Day Two of the Kingkiller Chronicles: The Wise Man’s Fear
The Wise Man’s Fear
As you may have read I recently finished the first book in the Kingkiller Chronicle trilogy. I was so impressed that I finished the second book; The Wise Man’s Fear, shortly after and have been trying to put into words what I thought about it. Kvothe develops greatly in this installment and it is hard to sum up because he feels like different people throughout the story.
To recap this trilogy is based on the true telling of the main hero Kvothe’s life. He recounts his life over three days (three books) to Chronicler, a traveling scribe, in order to have the truth out in the world instead of the lavish exaggerated tales. The world in which Kvothe lives contains science, magic and adventure. He attends the university (there is only one) and learns sympathy; a form of alchemical magic. This magic proves most useful in many of his adventures and helps to mold his legend.
This particular installment is filled with Mercenaries, the Fae, Sympathy and so much action you feel a bit dizzy at times. This story has a great message that is used to further the story and helps to develop Kvothe. The thing that keeps this story exciting is that Kvothe is one person in the present who is obviously lost spiritually and in the past is just a boy who is learning about life through his mistakes and amazing adventures. Neither one of these versions of our protagonist is fully realized and it is exciting to ponder where he may end up by the end.
What I got from this story… (Spoilers ahead)
Names are just labels for how the world identifies or understands people, places, and things. When Kvothe is learning naming under Master Elodin he begins to understand that names come from a part of the mind that sleeps. I feel like this is just a way to understand that these perceptions are subconscious and names are a way to bring them to the fore. Kvothe’s perception of himself changes dramatically throughout his life as we are shown by his childhood versus his innkeeper alter ego Kote. Kote is born from a sense of punishment and fear instead of Kvothe who has so many nicknames it is ridiculous. (Kvothe the: bloodless, Arcane, Kingkiller, etc.)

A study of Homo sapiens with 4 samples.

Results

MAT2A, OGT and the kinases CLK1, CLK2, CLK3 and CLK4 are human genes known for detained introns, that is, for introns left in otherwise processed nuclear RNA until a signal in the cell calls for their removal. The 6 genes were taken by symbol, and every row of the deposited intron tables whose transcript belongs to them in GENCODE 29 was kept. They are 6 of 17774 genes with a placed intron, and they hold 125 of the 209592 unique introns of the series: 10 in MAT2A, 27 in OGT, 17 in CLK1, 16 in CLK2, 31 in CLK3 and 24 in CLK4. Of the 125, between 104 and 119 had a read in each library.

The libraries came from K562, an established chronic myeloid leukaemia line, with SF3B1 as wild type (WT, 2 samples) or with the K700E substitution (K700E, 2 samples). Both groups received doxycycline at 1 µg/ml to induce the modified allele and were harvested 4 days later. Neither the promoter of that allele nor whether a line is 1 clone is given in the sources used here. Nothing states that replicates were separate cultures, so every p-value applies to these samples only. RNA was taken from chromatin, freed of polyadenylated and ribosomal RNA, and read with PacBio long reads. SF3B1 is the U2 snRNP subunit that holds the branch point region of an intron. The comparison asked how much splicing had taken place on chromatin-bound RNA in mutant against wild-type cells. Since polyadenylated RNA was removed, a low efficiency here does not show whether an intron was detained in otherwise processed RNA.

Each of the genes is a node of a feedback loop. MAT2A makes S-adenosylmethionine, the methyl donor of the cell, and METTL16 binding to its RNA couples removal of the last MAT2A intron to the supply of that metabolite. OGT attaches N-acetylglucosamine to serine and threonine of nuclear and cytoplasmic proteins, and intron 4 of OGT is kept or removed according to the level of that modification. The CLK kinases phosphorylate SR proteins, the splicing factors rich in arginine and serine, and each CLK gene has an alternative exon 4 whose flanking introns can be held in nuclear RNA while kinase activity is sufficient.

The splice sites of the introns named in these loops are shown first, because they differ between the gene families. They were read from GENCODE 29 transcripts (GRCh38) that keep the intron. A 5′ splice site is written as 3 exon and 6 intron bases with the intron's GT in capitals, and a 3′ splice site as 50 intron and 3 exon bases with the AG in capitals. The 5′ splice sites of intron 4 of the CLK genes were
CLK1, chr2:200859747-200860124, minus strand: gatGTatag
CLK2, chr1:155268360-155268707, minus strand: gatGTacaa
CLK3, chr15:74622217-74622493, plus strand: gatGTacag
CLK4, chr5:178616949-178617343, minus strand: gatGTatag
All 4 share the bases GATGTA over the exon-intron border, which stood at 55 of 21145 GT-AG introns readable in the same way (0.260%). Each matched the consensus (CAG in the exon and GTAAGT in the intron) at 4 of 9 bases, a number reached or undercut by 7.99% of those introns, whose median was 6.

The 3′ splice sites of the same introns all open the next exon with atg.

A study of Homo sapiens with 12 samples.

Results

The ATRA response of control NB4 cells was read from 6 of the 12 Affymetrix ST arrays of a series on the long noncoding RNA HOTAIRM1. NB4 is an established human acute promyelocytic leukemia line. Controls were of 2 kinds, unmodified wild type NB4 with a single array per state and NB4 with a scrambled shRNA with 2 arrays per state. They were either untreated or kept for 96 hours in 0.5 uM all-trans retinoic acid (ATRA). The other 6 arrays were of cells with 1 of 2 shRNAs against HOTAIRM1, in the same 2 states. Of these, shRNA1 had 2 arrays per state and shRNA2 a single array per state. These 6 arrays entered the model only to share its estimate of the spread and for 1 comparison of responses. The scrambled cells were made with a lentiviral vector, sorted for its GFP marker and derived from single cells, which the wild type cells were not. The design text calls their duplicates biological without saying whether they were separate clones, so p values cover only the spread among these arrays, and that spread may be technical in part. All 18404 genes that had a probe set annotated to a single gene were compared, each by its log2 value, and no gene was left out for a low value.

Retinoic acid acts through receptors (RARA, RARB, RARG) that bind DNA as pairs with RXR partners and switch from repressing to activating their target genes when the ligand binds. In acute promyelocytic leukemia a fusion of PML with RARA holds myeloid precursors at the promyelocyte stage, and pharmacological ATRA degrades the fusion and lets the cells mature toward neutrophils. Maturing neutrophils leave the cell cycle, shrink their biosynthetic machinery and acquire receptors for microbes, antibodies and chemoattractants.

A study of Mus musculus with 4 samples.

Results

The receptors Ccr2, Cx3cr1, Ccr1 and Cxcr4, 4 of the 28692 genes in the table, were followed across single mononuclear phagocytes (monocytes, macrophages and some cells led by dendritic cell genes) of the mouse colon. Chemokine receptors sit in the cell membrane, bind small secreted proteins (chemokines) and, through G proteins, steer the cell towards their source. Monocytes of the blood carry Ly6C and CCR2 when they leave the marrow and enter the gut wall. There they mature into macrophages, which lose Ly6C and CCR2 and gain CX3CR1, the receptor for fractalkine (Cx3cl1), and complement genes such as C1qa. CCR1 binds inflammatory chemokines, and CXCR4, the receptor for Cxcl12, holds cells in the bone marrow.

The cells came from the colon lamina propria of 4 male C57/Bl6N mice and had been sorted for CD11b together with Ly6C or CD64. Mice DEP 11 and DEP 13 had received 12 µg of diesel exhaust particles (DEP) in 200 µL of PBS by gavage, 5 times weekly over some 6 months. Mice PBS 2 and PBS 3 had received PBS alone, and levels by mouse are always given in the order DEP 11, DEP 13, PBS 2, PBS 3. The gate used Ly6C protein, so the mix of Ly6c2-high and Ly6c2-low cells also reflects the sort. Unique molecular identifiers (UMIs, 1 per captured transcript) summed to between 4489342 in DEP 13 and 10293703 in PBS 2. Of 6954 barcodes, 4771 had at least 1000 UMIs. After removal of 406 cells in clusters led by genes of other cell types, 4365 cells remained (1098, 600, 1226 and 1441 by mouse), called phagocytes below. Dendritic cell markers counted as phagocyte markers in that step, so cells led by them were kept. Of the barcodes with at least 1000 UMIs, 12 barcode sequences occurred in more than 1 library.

One of the most memorable moments in this book was his brutal slaughter of the Edema Ruh imposters. They said all the right words and welcomed Kvothe to their family as was proper, but a slip of their treacherous nature shattered the illusion. Kvothe Killed and marked the corpses for stealing the name of his people. This had an eerie parallel to the way his parents were murdered for using the name of the Chandrian in what was going to be an epic song. Perhaps chasing the Chandrian is leading to Kvothe’s evolution into a king killer? Most of the major actions in this journey came from names.
In the first book Kvothe makes an enemy in Ambrose by failing to treat Ambrose with the fear/ respect that Ambrose felt was due to him because of his family’s place in the succession for the crown. Ambrose hates Kvothe because of his intelligence and even perhaps for his poverty. Ambrose is spoiled and entitled without having actually earned it and Kvothe rose quickly through the ranks of the Arcanum because of his hard work and knowledge. This opens the two up to be perfect rivals and that is exactly what they have become. The resent each other and their constant underhanded fighting becomes a great source of trouble for Kvothe both inside and outside the University.
Another example of names and meanings having a great importance in this story is the troubles that Kvothe encounters through his friendship with Tempe. Tempe teaches Kvothe about his culture in order to better communicate, but that knowledge is forbidden for “barbarians” and only through grueling trials of strength and knowledge is Kvothe considered worthy of an Adem name and the gift of their language and ways. This turned the outlook of the social structure upside down. The Adem do not speak, emote, or really interact with anyone outside their own people. They are thought of as overpaid, yet, deadly mercenaries and are to be avoided at all costs. Then when we meet Tempe he explains that it is because all others are barbarians, he even equates them to children or dogs. You learn about the disciplined culture and find the beauty in their ways through the eyes of Kvothe who has earned respect and is most certainly not a “barbarian”.
So all in all, when reading these two books I have given a lot of thought into how our own perceptions mold the world around us. It can be applied to almost everything going on in the world. Perhaps it would help us communicate better with others and save ourselves the trouble of repeat mistakes by understanding who we are personally and trying to understand how those around us view our actions.